Last summer, the “stressed beyond belief” moments came fast and furious for OHSU working parents navigating the radically revised landscapes of work and home.
For new parent Jae Downing, Ph.D., assistant professor of public health, it was trying to remain academically productive while working at home in a 900-square-foot apartment with their wife and son Leo, a busy and vocal infant. It was falling to one income when their wife’s new physical therapy business fell victim to pandemic forces. It was their childcare options drying up and their wife putting professional dreams on hold to care for Leo full time. It was watching their savings draw down, funds they’d worked hard to set aside for a first home.
For working parent Brooke Hambly, R.N., B.S.N., a nurse navigator at the OHSU Breast Center, it was returning to the clinic full time and needing full-time childcare for her then 7-year-old daughter Avery. It was facing daycare costs that had risen from $500 to $1,200 a month due to the facility’s extra pandemic health and safety measures. It was the panic of not finding more affordable options. It was the growing horror that school in the fall would remain remote while she needed to work full time in person. It was the overall stress of working in a health care environment with an increased risk of COVID-19 exposure.
“All of us parents were struggling to make it,” said pediatrician Lori Morgan, M.D., a second-year resident physician and mom to a 5-year-old son. In her own situation, she was working long hours at OHSU Doernbecher Children’s Hospital on the modest salary of a resident while her husband, with their daycare closed, juggled remote work at home and parenting simultaneously.
“It’s next to impossible to get work done when your child needs to play or needs help with online school,” said Morgan.
But the worst anguish was watching her son’s isolation at home, knowing full well the rich and varied environments needed for normal social emotional development in children.
About 6,000 people at OHSU have children – roughly one-third its workforce. With many schools and childcare centers closed or operating at reduced hours or online, OHSU leaders realized parents were being wedged into extraordinarily difficult circumstances.
“We were getting to the point where some members were contemplating leaving a young child home alone in order to keep their home and put food on the table,” said Greg Moawad, J.D., M.B.A,. OHSU interim VP of human resources. “That’s an impossible choice for folks to make.”
He added, “We knew our community was working harder than ever and stressed beyond belief, just trying to keep their lives together.”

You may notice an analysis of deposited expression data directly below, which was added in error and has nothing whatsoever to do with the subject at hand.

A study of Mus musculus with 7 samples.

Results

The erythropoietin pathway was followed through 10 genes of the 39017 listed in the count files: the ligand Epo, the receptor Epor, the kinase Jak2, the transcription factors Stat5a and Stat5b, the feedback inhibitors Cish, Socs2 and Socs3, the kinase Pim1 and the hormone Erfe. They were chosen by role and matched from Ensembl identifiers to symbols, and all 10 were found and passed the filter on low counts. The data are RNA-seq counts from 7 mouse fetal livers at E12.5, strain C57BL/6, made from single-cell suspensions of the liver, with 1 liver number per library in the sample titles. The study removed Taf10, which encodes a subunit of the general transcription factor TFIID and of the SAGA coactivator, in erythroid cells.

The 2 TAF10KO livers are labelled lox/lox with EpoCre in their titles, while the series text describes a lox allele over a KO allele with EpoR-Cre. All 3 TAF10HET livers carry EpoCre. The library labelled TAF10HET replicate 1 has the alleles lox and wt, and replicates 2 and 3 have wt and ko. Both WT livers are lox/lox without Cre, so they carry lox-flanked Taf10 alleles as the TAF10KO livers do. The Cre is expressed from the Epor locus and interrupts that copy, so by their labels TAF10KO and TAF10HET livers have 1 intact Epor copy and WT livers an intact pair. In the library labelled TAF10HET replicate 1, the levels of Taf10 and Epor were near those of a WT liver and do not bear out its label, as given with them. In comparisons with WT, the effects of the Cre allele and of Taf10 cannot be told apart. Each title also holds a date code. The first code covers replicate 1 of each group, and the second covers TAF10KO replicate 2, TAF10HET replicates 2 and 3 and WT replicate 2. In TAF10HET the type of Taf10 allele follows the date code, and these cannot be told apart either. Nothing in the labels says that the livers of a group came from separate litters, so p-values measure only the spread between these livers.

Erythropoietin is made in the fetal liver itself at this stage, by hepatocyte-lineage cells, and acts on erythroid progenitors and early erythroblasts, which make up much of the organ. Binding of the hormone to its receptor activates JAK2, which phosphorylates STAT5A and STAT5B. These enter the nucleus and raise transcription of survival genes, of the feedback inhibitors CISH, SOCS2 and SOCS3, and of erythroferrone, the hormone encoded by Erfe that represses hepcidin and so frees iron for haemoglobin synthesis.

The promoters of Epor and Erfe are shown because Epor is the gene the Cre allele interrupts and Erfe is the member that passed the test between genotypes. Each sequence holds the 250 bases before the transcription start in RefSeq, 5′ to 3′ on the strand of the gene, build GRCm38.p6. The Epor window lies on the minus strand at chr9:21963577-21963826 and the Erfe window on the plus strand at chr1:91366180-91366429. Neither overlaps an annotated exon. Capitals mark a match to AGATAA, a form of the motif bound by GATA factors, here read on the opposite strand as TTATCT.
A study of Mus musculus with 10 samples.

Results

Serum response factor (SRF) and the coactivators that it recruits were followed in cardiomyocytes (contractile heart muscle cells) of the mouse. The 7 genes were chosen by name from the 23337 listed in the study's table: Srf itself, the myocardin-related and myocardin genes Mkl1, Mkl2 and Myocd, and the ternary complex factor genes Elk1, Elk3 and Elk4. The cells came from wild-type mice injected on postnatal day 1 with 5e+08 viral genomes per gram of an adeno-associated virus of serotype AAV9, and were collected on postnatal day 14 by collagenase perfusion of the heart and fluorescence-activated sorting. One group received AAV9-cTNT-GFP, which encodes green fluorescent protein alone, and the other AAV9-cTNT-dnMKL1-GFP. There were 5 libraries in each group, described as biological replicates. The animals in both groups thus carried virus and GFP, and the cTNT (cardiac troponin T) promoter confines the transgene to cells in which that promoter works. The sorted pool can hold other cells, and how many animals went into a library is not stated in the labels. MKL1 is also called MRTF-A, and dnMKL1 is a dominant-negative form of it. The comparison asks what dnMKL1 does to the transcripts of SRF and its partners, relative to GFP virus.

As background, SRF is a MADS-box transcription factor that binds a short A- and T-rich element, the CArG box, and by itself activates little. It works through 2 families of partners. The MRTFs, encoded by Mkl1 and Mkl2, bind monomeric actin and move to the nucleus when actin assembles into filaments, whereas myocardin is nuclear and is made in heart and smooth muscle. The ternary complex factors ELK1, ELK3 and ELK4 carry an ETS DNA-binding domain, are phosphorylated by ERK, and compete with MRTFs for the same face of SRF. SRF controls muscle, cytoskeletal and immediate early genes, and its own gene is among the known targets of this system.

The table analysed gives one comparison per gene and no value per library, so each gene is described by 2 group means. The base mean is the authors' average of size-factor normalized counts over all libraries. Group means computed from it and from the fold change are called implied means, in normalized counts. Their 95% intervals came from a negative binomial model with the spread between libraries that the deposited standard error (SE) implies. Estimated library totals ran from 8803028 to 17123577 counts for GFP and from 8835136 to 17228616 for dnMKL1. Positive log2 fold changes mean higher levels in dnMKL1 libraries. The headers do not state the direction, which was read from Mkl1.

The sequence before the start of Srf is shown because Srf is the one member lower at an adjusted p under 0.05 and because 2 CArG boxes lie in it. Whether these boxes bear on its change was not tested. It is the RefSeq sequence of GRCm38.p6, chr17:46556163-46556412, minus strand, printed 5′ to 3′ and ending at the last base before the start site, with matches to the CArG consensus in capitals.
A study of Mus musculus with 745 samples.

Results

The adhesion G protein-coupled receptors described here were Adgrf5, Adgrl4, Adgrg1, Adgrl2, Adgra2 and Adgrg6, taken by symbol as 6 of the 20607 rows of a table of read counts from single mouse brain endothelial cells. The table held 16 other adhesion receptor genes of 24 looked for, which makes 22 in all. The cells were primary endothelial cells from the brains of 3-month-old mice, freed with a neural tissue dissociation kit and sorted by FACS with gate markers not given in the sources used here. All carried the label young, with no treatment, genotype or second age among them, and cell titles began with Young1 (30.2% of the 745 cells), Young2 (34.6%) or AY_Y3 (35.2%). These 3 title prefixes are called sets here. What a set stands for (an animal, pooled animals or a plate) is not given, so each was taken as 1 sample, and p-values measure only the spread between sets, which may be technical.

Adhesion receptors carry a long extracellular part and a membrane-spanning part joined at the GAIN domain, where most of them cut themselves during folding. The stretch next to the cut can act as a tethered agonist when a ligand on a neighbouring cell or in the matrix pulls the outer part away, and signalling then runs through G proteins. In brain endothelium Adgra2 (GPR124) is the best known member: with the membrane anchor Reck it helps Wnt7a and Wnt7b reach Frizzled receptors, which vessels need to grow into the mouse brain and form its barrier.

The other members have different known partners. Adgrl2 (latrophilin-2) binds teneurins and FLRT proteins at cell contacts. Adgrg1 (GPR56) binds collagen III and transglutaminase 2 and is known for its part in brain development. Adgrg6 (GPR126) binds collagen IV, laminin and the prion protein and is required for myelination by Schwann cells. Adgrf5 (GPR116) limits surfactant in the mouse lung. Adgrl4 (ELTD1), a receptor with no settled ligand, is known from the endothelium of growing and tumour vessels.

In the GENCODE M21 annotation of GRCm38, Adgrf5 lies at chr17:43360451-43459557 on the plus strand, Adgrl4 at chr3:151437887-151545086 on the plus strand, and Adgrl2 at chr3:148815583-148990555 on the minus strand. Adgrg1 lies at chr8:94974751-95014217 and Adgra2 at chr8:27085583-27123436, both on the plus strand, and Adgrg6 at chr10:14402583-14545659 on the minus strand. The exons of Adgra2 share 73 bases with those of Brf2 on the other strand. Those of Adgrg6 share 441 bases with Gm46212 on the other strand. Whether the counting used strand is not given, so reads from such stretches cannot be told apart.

When companies elsewhere laid off people last spring as the pandemic hit, OHSU kept all its employees on payroll through the beginning of last July and brought in other supports such as standing up a child care site for critical function members.
But an internal survey of working parents that the university conducted last July made it clear. Two-thirds of respondents reported a great deal of increased stress and more than 60% of respondents considered reducing their FTE to manage their childcare. 63% considered taking leave, and 29% considered leaving the workforce altogether.
“It was shocking,” said Moawad. “We were going to lose significant numbers of workers.”
Respondents indicated financial assistance and flexible scheduling would be most helpful.
‘Very grateful. Over and over.’
In October, OHSU launched a $7.5 million Childcare Stipend Fund, with sliding scale monthly payments to recipients based on household income. Those with less household income receive higher stipends.
The fund is targeted toward employees experiencing a financial hardship and who have children 12 and younger, and 17 and younger for children with a disability. The stipends cover all of the 2020-2021 school year.
Downing, Hambly and Morgan are among 557 employees who receive Childcare Fund stipends.
Downing uses the funds to pay for a part-time nanny share with another family, which has allowed her partner to restart her physical therapy practice.
“It’s so nice to have this extra financial buffer,” said Downing.
Hambly uses the funds to pay for a school-affiliated, full-time day care that facilitates hybrid in-person/virtual school for her daughter.
“I honestly don’t know what I would have done without it,” said Hambly. “I had no options. The stipend has been so helpful. It’s taken a huge load off me mentally and stress-wise. I’m impressed how OHSU has treated people throughout this pandemic. I’m very grateful. Over and over.”
Morgan uses the funds to pay for part-time daycare where her kindergartener has made fast friends, allowing her husband to keep and thrive at his job.
“I feel very fortunate to work for an organization that has made this possible,” said Morgan.
OHSU also instituted flexible work policies to allow parents more freedom to manage schedules around children.
People take priority at OHSU, says Moawad. “We know that we cannot take care of others if we don’t first take care of ourselves,” he said. “This support for parent-members demonstrates one aspect of OHSU’s people-first philosophy. And, in these times, it’s the right thing to do.”